There are a lot of stereotypes when it comes to adoption. How do you NOT fit the stereotype? What's your least favorite stereotype? There are even stereotypes in the adoption community. How do you fit into those stereotypes?
|Day 1 - Clean slates? Day zero of my (biological) son was pretty amazing. The day I was born marked me for life. I lost my birth mom.
Adoption stereotypes are deeply embedded in our collective psyche. These damaging concepts are portrayed as normal in popular media, and are reinforced in our daily habits. We take them for granted, perhaps we don't even realize they’re stereotypes.
A heads-up before anyone gets all riled up ... These stereotypes may make us mad, others make us think. However, as we embark on the Lost Daughters month-long adoption blogging project, wouldn’t it be great to bring these stereotypes and secrets to light? By doing so, perhaps we can dispel preconceived notions and foster an environment of openness and acceptance.
From Merriam-Webster.com, stereotype means
Something conforming to a fixed or general pattern; especially: a standardized mental picture that is held in common by members of a group and that represents an oversimplified opinion, prejudiced attitude, or uncritical judgment.
Think of this list as food for thought for the coming month.
When adoptees start opening up about their experiences, we are often labeled. Alternately, the labels we were accustomed to our entire lives was fraught with subtext. Here we have:
· The angry adoptee
· The damaged adoptee, as in truly f***ed up
· The Chosen Child, the Lucky Girl/Lucky Boy
· The former orphan, now the perfect child
· The good adoptee vs. the bad adoptee
· The grateful adoptee
· The crazy, psycho murderer adoptee
· The adoptee as a “miracle”
· The wanted child (by the adoptive family) vs. the unwanted child (by the birth family)
· The super hero adoptee, aka a fantasy figure, the person we could have been if we were not given up for adoption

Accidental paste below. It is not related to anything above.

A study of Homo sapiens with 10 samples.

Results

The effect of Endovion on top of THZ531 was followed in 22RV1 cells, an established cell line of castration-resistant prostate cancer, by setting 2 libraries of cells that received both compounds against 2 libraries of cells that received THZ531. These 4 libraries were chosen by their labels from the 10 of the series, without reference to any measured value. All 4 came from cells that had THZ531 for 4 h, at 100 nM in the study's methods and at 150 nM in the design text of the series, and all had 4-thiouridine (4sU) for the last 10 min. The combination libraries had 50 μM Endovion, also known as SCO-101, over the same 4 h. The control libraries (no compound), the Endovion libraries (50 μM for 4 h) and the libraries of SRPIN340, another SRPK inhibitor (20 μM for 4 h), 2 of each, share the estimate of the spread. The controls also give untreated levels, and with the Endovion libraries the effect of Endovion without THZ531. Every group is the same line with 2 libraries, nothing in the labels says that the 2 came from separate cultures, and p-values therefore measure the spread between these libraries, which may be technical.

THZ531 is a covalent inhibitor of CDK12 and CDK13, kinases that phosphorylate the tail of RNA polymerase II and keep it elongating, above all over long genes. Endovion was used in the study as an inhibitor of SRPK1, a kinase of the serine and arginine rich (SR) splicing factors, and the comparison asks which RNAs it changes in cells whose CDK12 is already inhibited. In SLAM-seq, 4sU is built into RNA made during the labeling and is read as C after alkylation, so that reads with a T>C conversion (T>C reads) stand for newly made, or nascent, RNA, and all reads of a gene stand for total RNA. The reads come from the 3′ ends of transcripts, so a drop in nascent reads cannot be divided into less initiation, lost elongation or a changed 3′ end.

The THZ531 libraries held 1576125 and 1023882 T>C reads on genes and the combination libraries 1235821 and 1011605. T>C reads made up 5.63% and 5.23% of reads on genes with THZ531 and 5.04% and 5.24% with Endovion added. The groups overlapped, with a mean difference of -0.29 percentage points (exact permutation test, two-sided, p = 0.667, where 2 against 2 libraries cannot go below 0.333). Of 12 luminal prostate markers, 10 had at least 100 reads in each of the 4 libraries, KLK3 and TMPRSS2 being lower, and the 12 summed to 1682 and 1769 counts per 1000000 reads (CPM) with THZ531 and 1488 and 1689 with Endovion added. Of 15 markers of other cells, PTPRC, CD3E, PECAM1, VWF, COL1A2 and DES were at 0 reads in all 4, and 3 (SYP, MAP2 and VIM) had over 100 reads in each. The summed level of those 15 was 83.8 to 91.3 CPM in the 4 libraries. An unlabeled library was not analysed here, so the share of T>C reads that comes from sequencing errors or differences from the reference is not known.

Regarding birth mothers
· The crack-whore birthmother
· The birth mom who “moved on with her life”; forgot her baby and lived happily ever after
· The too young mother who couldn’t take care of her child (neither, apparently, could anyone else in her family of fifty people, or his family of fifty)
- The adoptee who's getting a better life: with two married parents, who are well educated, have steady jobs, maybe even a dog.
- Adoptive parents prepare and plan more for their children, whereas biological children often are mistakes. Therefore, adoptive parents must love their children more.
- Abandoned children who need a family
- The “blessing” of adoption
- The child who, according to the adoptive mom was “born in my heart.”
- The uncritical judgment: Adoption is beautiful. Adoption is a gift from God.
- The child who is "unwanted" because she once was adopted. She’d have ended up in an orphanage or a homeless child.
- The adopted child who was lucky to be adopted because he was "really wanted." Eventually he learns that he was “really wanted” by his birth mom, too. She just lacked resources and support.
- "Gotcha Day!" and "Celebrating Adoption," with the usually unquestioned idea that adoption is something to celebrate.
- Thanking the birth mom for "giving" us a baby.
- The birth mom who gave the baby up because she loved us.
- "You weren't expected...you were selected."
- Adoptees left to somehow reconcile "they tossed you away like a piece of trash so how can you even think of considering them family?" with "they loved you so much that they were willing to make the ultimate sacrifice and you should be eternally grateful."
Standing in our Truth
Let's create our new narrative. As adult adoptees, we can own the resilience we’ve honed over decades. That strength is not just a coping mechanism, it is what will allow us to move forward and for tell our stories.